West Virginia University head football coach Bill Stewart received the first "Pillar of Values" award from the Warren Christian Apologetics Center of Vienna Thursday night.
"Like the mountains, he (Stewart) towers," according to the inscription on the glass award, which was presented during WCAC's second annual "An Evening of Values" fundraising dinner at Grand Pointe Conference & Reception Center. "Country Roads" played as Stewart, who did not know he was receiving the award, walked to the podium.
The award notes that Stewart has a "passion for principle, perseverance and people," said Charles Pugh III of Vienna, director of the Warren Christian Apologetics Center.
"Bill Stewart is a good man. He tries to teach young men in the football program to be good citizens, a family person and to stand for good values," Pugh said.
Pugh got to know the Stewart family of New Martinsville-Bill, his brother Ted and their parents Blaine and Bobbie-while serving as minister at Bridge Street Church of Christ in New Martinsville. Ted Stewart and his wife, Debby, of Raleigh, N.C., attended Thursday's event, as did Bill Stewart's wife, Karen.
The nonprofit informational Apologetics center is to defend the existence of God and challenge atheistic thought. The organization is raising money to build a facility on 1.25 acres at Rosemar and Seminary roads.
"Our hope and dream is to break ground on the center this year," Pugh said. "We are making good progress."
Pugh was pleased this year's patriotic program included music and singing: Hannah Robison, a student at Parkersburg South High School, sang the national anthem and "God Bless America," and the Men's Octet from Parkersburg High School, directed by Pamela McClain, sang "America the Beautiful." "Both were superb," Pugh said.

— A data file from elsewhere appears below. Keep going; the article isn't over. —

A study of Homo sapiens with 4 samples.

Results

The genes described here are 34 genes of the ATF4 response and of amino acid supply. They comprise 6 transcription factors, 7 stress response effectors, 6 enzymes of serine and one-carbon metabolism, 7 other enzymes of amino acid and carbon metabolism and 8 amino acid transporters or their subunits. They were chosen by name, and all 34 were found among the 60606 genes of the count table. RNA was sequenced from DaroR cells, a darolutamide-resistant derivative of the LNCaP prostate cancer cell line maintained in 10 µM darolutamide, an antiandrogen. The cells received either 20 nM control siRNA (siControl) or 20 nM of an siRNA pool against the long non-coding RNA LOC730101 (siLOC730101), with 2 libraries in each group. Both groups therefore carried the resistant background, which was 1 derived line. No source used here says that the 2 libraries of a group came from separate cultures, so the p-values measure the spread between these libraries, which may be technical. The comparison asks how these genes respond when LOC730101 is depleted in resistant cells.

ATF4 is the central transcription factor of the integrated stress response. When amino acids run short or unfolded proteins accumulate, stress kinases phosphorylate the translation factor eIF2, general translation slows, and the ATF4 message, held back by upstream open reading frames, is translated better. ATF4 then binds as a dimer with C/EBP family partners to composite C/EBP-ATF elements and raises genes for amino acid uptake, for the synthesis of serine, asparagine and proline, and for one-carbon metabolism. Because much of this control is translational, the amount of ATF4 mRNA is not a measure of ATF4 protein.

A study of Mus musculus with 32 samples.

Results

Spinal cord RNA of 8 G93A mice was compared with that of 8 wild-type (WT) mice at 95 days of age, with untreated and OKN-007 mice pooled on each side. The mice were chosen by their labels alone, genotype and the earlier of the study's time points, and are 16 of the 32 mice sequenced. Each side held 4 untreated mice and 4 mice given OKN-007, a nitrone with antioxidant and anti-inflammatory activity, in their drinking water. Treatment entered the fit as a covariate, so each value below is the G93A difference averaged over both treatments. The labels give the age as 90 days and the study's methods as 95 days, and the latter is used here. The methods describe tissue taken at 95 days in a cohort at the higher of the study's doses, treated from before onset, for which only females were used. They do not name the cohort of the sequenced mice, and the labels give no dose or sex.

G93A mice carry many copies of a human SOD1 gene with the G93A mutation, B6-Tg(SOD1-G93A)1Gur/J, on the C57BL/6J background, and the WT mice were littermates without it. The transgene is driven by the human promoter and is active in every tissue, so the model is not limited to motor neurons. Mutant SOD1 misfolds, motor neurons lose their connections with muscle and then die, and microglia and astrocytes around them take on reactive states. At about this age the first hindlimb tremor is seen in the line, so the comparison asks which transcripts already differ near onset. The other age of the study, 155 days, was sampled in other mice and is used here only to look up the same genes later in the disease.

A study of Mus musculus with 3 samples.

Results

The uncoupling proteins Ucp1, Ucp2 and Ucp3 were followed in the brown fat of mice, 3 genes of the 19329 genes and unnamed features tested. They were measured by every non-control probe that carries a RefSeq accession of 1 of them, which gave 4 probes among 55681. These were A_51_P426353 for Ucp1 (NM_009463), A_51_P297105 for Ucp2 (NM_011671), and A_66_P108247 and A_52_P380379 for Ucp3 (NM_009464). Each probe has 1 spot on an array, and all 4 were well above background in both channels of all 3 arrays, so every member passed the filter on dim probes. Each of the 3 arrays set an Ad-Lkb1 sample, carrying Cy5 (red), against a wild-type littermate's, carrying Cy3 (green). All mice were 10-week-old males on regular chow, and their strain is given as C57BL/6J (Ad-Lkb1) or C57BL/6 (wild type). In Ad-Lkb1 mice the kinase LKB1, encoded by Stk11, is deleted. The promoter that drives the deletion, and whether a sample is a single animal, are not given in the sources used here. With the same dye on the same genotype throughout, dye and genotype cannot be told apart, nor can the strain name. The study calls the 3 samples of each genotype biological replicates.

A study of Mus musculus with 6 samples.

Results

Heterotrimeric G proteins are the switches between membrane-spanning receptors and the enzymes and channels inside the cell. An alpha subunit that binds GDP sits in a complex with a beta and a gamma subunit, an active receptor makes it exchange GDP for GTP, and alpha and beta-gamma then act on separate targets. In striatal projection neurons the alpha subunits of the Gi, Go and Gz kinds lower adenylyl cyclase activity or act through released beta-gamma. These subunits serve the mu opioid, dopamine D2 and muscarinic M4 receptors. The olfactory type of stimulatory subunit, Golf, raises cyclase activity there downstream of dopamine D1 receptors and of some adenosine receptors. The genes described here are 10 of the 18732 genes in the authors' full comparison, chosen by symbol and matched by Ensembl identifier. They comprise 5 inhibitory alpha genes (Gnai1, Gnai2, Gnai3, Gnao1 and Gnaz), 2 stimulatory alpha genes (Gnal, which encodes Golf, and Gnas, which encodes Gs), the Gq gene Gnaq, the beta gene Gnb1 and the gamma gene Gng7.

A football signed by the Green Bay Packers team and coaches sold for $2,000 at the silent auction. Former NFL players Lonnie Johnson and Willie Franklin were among the speakers on the program.
Bartenders at the Knights of Columbus' Lenten fish fries in Parkersburg are wearing the name "Wilbur" on their shirt sleeves. Their tribute is to Wilbur Schenerlein, who died Nov. 22, 2010, at the age of 76. After retiring from GE Plastics in 1996, Schenerlein worked as a bartender at the K of C on Market Street during the seven yearly Lenten fish fries. He was a Fourth Degree Knights of Columbus member. "Wilbur was very well-liked," said Mike Vierheller, fish fry coordinator. Mike McDougle, past grand knight, had the idea of honoring Schenerlein by placing "Wilbur" on the sleeves of the white and black K of C shirts bartenders wear at the fish fries. Schenerlein's son Scheny said the family was surprised and pleased by the tribute to Wilbur. "It let us know how well he was liked," Scheny said. Proceeds from the Friday night fish fries provide college scholarship money for local Catholic students. Last week's opening fish fry attracted 427 people.
"Parkersburg 200," a light golden ale first brewed last summer for Parkersburg's Bicentennial celebration, continues to be popular at the North End Tavern & Brewery. It is one of the top-sellers of the eight ales brewed at the NET by Chris Hopkins, said co-owner Joe Roedersheimer. Since being introduced in August, "Parkersburg 200" has been brewed three additional times at the NET, producing 28 barrels of the ale, Hopkins said. "Parkersburg 200," which is only sold on tap, will be used for the green beer in celebration of St. Patrick's Day March 17 at the NET.